30 Day Pagan Journaling Challenge 9-16-2017

There is a 30 day Pagan journaling challenge for the month of September set up on Instagram and I thought it would be fun to do it – and would get me back into the swing of things as well.

And back into blogging here as I answer the posts. (I’m not much of an Instagram person.)

Today’s question is:

What is my favorite myth from my tradition? Why?

This one is a little tougher that it looks like it should be.

As much as I love the Greek deities and their myths, I can’t pick just one of them, so I think I’ll detour to the north and pick Blodeuwedd’s story.

Why?  Because she is the epitome of “I don’t have to be what you want me to be.”

For those who aren’t familiar with her story, read on.


Blodeuwedd was the wife of Lleu Llaw Gyffes.

He was cursed by his mother (Arianrhod) first that she would never give him a name (which she was tricked into doing) and then that she would never give him weapons (which she was again tricked into doing).

Furious at having been twice tricked, she cursed him that he would never have a wife of any of the races of the earth.

So his uncles (Math and Gwydion, both powerful magicians) formed a woman from the flowers of oak, broom, and meadowsweet, and breathed life into her.  They named her Blodeuwedd, which means “Flower Face” and gave her to Llew as his wife.

Lleu Llaw Gyffes spent a fair amount of time away on business, and Blodeuwedd grew lonely.  She fell in love with Gronw Pebr, a neighboring lord, and they conspire to murder Lleu, which was much more difficult than you might think, as he could not be killed during the day or night, nor indoors or outdoors, neither riding nor walking, not clothed and not naked, nor by any weapon lawfully made.

Blodeuwedd tricked Lleu into demonstrating how he could be killed, so at dusk, he wrapped himself in a net and stood by a riverbank, with one foot on a cauldron and the other on a goat.  While he was in this position, Gronw threw a spear forged for a year during the hours when everyone is at mass.  (It’s that last bit that makes me want to dig deeper and find an older pre-Christian version of the story.)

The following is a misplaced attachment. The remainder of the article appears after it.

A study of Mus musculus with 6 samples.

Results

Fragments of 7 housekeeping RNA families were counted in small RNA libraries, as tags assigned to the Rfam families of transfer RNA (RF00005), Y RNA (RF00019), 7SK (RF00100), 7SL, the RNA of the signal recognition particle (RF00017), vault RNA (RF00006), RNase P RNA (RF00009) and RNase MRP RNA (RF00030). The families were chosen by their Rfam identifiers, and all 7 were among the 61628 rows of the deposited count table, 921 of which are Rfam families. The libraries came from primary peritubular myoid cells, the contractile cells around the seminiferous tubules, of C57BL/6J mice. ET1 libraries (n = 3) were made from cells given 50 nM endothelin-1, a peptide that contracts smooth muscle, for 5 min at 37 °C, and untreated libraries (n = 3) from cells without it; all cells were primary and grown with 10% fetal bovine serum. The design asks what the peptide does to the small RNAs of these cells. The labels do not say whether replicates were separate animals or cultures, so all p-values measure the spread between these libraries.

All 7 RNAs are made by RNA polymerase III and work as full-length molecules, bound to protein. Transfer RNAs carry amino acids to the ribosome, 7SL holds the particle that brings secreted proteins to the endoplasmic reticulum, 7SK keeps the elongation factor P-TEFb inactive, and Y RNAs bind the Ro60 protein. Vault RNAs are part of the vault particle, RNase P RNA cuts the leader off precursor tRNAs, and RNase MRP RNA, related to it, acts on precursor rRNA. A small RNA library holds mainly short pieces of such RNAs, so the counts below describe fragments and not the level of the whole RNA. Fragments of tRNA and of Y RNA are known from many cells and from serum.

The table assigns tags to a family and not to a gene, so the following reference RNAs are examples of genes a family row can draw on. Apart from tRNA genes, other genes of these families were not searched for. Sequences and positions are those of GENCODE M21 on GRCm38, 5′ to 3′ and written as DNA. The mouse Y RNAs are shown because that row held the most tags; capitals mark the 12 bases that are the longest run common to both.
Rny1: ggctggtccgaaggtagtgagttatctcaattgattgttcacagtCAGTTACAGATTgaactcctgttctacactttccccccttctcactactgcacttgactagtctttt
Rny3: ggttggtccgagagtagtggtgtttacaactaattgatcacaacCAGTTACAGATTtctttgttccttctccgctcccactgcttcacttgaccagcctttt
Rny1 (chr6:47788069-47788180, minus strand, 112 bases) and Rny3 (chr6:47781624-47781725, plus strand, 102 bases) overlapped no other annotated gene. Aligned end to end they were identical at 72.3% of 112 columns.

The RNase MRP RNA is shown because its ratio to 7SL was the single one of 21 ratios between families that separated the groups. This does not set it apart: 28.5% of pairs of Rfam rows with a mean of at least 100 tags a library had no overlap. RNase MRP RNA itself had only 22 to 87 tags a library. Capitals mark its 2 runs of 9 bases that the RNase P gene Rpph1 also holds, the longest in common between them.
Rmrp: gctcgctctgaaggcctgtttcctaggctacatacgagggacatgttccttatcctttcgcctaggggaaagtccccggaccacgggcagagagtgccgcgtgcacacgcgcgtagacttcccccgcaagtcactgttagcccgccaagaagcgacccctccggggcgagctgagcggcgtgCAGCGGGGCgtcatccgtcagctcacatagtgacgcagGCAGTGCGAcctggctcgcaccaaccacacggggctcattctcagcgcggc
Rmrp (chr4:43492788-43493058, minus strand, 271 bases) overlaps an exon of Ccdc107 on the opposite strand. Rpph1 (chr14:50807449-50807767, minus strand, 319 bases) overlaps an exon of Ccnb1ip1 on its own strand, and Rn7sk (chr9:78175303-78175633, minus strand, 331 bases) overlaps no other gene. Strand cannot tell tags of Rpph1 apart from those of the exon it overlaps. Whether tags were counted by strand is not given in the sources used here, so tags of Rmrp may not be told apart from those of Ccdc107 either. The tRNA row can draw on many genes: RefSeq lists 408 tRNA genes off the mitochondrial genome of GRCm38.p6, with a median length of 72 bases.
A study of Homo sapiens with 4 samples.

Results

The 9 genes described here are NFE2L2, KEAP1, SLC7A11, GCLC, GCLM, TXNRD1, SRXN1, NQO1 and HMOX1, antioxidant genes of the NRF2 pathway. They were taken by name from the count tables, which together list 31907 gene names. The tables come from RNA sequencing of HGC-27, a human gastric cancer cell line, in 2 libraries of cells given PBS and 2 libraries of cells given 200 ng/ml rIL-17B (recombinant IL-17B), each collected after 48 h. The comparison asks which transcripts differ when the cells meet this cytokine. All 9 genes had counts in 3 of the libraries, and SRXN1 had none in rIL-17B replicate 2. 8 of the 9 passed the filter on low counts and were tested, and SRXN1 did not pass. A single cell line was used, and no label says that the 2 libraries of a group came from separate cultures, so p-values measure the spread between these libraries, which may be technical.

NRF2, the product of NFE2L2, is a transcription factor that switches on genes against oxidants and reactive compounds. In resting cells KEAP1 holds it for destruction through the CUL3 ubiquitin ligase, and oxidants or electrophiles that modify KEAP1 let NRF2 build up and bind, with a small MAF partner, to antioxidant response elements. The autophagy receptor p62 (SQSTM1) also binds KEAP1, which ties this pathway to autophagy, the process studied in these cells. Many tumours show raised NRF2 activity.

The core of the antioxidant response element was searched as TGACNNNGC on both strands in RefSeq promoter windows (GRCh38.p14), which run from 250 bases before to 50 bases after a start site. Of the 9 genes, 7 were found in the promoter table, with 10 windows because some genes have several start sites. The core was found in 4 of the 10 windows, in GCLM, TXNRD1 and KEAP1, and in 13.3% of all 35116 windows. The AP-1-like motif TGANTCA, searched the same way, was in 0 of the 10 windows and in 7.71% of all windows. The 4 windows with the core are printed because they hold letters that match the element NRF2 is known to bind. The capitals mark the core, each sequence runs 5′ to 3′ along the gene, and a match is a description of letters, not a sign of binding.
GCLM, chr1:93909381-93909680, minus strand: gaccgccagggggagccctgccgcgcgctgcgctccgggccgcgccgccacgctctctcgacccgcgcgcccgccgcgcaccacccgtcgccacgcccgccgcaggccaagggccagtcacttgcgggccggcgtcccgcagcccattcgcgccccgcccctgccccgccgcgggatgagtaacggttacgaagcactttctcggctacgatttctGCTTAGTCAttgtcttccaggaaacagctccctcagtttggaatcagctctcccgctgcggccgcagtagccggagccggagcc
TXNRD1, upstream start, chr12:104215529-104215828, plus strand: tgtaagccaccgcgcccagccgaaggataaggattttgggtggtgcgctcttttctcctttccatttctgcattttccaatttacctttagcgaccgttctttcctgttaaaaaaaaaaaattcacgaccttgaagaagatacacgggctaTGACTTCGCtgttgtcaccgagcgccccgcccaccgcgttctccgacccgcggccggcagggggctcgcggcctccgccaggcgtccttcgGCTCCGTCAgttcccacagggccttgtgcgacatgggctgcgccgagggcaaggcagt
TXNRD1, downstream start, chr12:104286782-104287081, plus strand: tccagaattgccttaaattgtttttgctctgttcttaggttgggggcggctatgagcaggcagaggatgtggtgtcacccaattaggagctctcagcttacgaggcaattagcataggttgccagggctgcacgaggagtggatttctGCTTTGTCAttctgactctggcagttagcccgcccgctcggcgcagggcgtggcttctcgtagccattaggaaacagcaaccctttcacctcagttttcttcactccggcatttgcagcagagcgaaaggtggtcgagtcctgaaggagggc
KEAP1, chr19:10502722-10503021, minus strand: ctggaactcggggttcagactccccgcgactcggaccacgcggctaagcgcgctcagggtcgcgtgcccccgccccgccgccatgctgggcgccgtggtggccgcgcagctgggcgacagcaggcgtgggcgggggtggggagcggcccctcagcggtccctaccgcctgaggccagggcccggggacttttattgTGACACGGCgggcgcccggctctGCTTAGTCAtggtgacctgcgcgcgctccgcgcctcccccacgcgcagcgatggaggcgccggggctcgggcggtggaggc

But Lleu wasn’t killed, just transformed into an eagle. His uncles coaxed him down from the tree he was perched in, nursed him back to health, and sought revenge on Gronw and Blodeuwedd.

Gronw ended up dead, but Blodeuwedd was transformed into an owl.

“You will not dare to show your face ever again in the light of day ever again, and that will be because of enmity between you and all other birds. It will be in their nature to harass you and despise you wherever they find you. And you will not lose your name – that will always be “Bloddeuwedd.”


So there’s the short down and dirty version.

She wasn’t given a choice, and rebelled against the role assigned to her by the patriarchy.

From Damh the Bard:
“To many Blodeuwedd is seen as a betrayer, but not to me. She was conjoured by Gwydion and Math to be a wife for Lleu Llaw Gyffes, so she was a trapped woman, and we all know that this is NOT a good idea….”

Oak, Broom, and Meadowsweet




Posted on September 16, 2017, in Uncategorized and tagged , , , , , , . Bookmark the permalink. Leave a comment.